Calls for regulator to ensure access to cash after bank IT failures
The government is facing calls for a new regulator to protect consumers’ access to cash, following several bank IT failures and thousands of cash machine and branch closures across the UK.
The consumer group Which? said cash is still a necessity for more than 25 million people in the UK. It also noted the combined closures of cash machines and branches have left people struggling to pay for essential goods and services.
The charity is campaigning for the creation of a regulator with sole responsibility for cash infrastructure, which ensures continued access to physical money.
Jenni Allen, the managing director for Which? Money, said: “We have serious concerns that the alarming rate of cashpoint and bank branch closures risks leaving people facing an uphill battle to access the cash they rely on.
“Cash is also a vital backup as fallible digital payments grow in popularity. So the government must appoint a regulator to oversee these changes and ensure no one is excluded and left struggling to go about their daily lives.”
About two-thirds of the UK’s bank branches have closed in the past 30 years. Of these, about 3,300 have shut since 2015 alone. This has left one-fifth of households more than two miles from their nearest bank.
Which? also published figures showing the UK lost nearly 3,000 cash machines in the six months to December, a rate of about 488 a month. This includes 250 free-to-use machines.
Over the whole of 2018, 102 protected machines, which receive additional subsidies from major banks to help keep them running, closed in remote areas.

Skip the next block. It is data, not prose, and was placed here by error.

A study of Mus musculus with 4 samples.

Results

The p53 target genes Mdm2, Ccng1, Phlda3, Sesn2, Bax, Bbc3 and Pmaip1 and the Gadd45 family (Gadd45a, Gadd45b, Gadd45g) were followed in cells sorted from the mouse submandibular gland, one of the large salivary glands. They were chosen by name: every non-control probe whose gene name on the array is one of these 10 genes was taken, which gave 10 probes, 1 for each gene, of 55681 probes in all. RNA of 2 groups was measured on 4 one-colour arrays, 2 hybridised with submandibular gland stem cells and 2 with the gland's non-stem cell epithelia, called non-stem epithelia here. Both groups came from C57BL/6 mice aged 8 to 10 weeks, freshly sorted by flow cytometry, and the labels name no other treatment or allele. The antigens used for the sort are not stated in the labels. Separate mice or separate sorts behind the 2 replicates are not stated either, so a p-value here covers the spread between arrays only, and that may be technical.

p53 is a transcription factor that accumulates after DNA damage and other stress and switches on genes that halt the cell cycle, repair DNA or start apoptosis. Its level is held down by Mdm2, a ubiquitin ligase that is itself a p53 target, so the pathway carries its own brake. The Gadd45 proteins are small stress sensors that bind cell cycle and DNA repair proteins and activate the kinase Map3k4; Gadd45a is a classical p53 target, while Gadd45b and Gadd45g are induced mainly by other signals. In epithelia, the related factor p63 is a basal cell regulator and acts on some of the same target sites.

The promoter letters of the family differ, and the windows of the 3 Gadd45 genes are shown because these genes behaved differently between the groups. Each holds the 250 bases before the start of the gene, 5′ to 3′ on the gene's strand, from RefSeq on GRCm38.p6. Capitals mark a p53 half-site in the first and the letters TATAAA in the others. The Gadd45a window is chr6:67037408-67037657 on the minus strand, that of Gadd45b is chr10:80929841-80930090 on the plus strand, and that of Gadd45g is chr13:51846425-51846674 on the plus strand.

Which? said that despite the rise in digital payments, there was still a “real appetite” for cash, with 73% of the population frequently using it to pay for goods and services.
Cash machine withdrawals in London and the south-east fell by 8.5% and 7.7% respectively last year, but the decline has been more gradual in areas such as Northern Ireland, where the drop was 2.1%. The move away from cash in the north-west, Scotland and Wales has also been slower, at 3.3%.
Although there has been a notable takeup in online banking, Which? highlighted that digital and card payments have been vulnerable to IT failures.
“Recent analysis has found that leading banks are suffering at least one major security or IT glitch per week, with outages of Visa payments and IT failures across a vast number of UK banks, including the prolonged issues at TSB, which have caused chaos for millions of customers,” it said.
“Which? is concerned that people will be left vulnerable without a non-digital payment alternative as access to cash declines across the UK.”
The Treasury select committee has launched an inquiry into banking IT failures, although evidence sessions are still pending.
The government stopped short of supporting calls for a cash protection regulator and said the Payment Systems Regulator is already “closely monitoring developments within ATM provision”.
A Treasury spokesman said: “Technology has transformed banking for millions of people, making it easier and quicker to carry out financial transactions and pay for services. This is to be welcomed, but we also recognise the continued importance of cash, especially for more vulnerable people.
“While the decision to close bank branches is a commercial decision, we understand the impact it can have on communities. Banks must now give customers as much notice as possible when a branch is closing, and ensure they are made aware of the options they have locally to continue to access banking services.”